Sat 8 Oct, 2011 10:24 am
Gene therapy shows promise in HIV-positive patients
By Suzanne Bohan Contra Costa Times
October 07, 2011
WALNUT CREEK, Calif. — A novel chemical editing of a gene strengthened immune systems in HIV-positive men, and one participant even cleared the virus without drugs, scientists recently announced.
“We were stunned,” said Elizabeth Wolffe, a scientist with Sangamo BioSciences in Richmond, Calif., which developed the gene therapy. “It isn’t usual that someone would clear their virus without having medication.”
The gene therapy altered a critical class of immune cells — T cells — the front line in battling the virus. HIV defeats this defense by latching to T cells and destroying them.
The therapy snipped out a gene that enables the virus to attach to T cells, so they could deflect the deadly virus, study results indicate. On its own, the virus exists for less than a day, and it needs the immune cells to survive and multiply. An army of genetically altered T cells deflecting HIV would deplete the virus’s ranks, one researcher said.
The altered immune cells were also replicating, buoying hopes of long-term protection.
Given the small size of the trials — nine men in one and six in the other — researchers tempered their responses to the early results. But scientists say they point to a promising way to clear the virus without the difficult side effects and high cost of a lifetime of antiretroviral medications, which run $15,000 to $20,000 a month. Patients in the trials had only minor and transitory side effects, Sangamo BioSciences reported.
“Do I think we have a cure?” said Dr. Pablo Tebas, a University of Pennsylvania researcher running one of the trials. “No, but I think it’s a very exciting result that points in the direction we need to go. And then maybe we will one day reach that holy grail, not needing antiretroviral therapy.”
Medical advances rely on repeated successful tests of a treatment with large groups of study subjects, and many questions also remain unanswered with the Sangamo trials, including how long the genetically modified cells will last.
The genetically altered T cells retain their typical behavior, racing to attack bodily invaders. During the study, the modified cells traveled where “HIV reservoirs” are known to hide out, such as in the gut, Wolffe said.
It’s these hidden reservoirs that keep T cell counts low for some HIV carriers even when blood levels of the virus are undetectable, as the virus can still destroy T cells from its redoubt.
The findings were presented Sept. 17 and Sept. 18 at a Chicago medical conference.
A man in one of the trials said his low T cell count almost doubled two weeks into it and has remained there.
For the first time in years, Matt Sharp, 55, said he hasn’t picked up an upper respiratory infection, such as a cold, the flu or pneumonia. “It’s phenomenal,” he said.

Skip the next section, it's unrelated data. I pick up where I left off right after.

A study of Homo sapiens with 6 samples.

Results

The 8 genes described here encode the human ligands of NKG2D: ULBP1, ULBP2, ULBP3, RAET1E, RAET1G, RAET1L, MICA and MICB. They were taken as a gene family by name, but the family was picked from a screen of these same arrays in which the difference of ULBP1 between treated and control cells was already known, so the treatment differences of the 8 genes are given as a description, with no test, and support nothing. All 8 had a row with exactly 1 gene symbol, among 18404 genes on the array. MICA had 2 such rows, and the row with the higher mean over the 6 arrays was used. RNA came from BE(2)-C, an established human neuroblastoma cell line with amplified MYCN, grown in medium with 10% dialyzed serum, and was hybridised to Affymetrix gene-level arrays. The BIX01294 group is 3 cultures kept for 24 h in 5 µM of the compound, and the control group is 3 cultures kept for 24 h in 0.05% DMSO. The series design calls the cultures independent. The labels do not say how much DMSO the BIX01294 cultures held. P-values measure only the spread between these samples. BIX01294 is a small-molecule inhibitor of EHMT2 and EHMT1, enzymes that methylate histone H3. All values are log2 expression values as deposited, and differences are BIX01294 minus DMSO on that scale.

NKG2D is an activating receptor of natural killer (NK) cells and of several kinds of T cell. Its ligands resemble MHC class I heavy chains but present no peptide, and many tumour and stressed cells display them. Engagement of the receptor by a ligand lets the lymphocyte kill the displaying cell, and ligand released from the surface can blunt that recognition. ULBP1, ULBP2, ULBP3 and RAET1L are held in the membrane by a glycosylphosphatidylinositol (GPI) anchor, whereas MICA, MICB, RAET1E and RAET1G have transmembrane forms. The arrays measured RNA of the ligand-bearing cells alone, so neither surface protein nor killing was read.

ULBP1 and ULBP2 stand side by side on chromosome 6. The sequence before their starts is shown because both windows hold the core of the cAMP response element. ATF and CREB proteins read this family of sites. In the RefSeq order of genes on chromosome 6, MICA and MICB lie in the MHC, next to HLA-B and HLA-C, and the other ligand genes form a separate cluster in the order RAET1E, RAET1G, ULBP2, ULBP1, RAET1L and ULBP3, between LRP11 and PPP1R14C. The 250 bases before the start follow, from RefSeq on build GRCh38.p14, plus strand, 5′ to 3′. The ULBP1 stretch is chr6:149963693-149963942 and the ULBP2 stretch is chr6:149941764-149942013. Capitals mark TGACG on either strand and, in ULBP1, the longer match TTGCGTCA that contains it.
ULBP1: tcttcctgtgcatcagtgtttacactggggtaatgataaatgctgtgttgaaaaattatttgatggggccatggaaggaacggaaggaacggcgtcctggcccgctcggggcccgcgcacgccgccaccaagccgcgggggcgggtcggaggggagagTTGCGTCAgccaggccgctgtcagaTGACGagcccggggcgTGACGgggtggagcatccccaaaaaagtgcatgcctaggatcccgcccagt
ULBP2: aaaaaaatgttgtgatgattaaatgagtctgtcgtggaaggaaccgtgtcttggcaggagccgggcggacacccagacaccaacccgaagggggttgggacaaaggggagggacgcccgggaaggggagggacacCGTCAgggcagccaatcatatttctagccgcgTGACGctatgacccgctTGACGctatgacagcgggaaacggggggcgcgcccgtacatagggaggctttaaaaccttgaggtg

Sharp knows he can’t prove it, but he attributes his rise in T cell levels to his illness-free year.
The scientists used a type of genome manipulation that employs “zinc fingers,” which are two protein strands bound by a zinc atom that resemble a finger. They precise “edit” genetic material.
For both of the studies, researchers collected T cells from the blood of each participant and with zinc fingers deleted the gene for the HIV attachment site. The patient’s own genetically modified cells were then reinfused into his blood.
In the Sangamo-run trial in California, Sharp and eight others had been taking medications that had driven HIV to an undetectable level in their blood. But they still had low T cell counts — the sign of a weakened immune system vulnerable to disease. HIV infections can lead to AIDS, the syndrome in which the weakened immune system is unable to fight off a range of serious infections.
The California study is expected to end in 2012. Sangamo BioSciences said results so far show the altered T cell infusions led to “unprecedented improvements” in all the men’s T cell counts compared with prescription drugs, including antiretroviral therapy.
The six men in the University of Pennsylvania trial also were taking HIV medications that had cleared the virus from their blood but had high T cell counts — so their immune systems were relatively strong.
They were given a 12-week “drug holiday” to test the effect of the altered cells alone.
As expected, Tebas said, their HIV blood levels spiked.
But then with infusions of their modified T cells, the HIV levels declined. One participant who carries a gene that naturally creates T cells lacking the HIV receptor even cleared the virus without help of drugs.
Tebas said the man simply had more of the modified T cells in his blood, given his natural supply and the infused T cells.
“So it clearly suggests it’s a dose issue,” Tebas said.
Sangamo BioSciences next plans to begin studying the effect of the modified T cells on those who are HIV-positive and also carry one of the genes for HIV resistance.
“It’s promising,” said Dr. Jay Levy, a University of California at San Francisco AIDS researcher who co-discovered HIV. “You can’t say anything less than that or any more than that. But the results put forward are very encouraging.”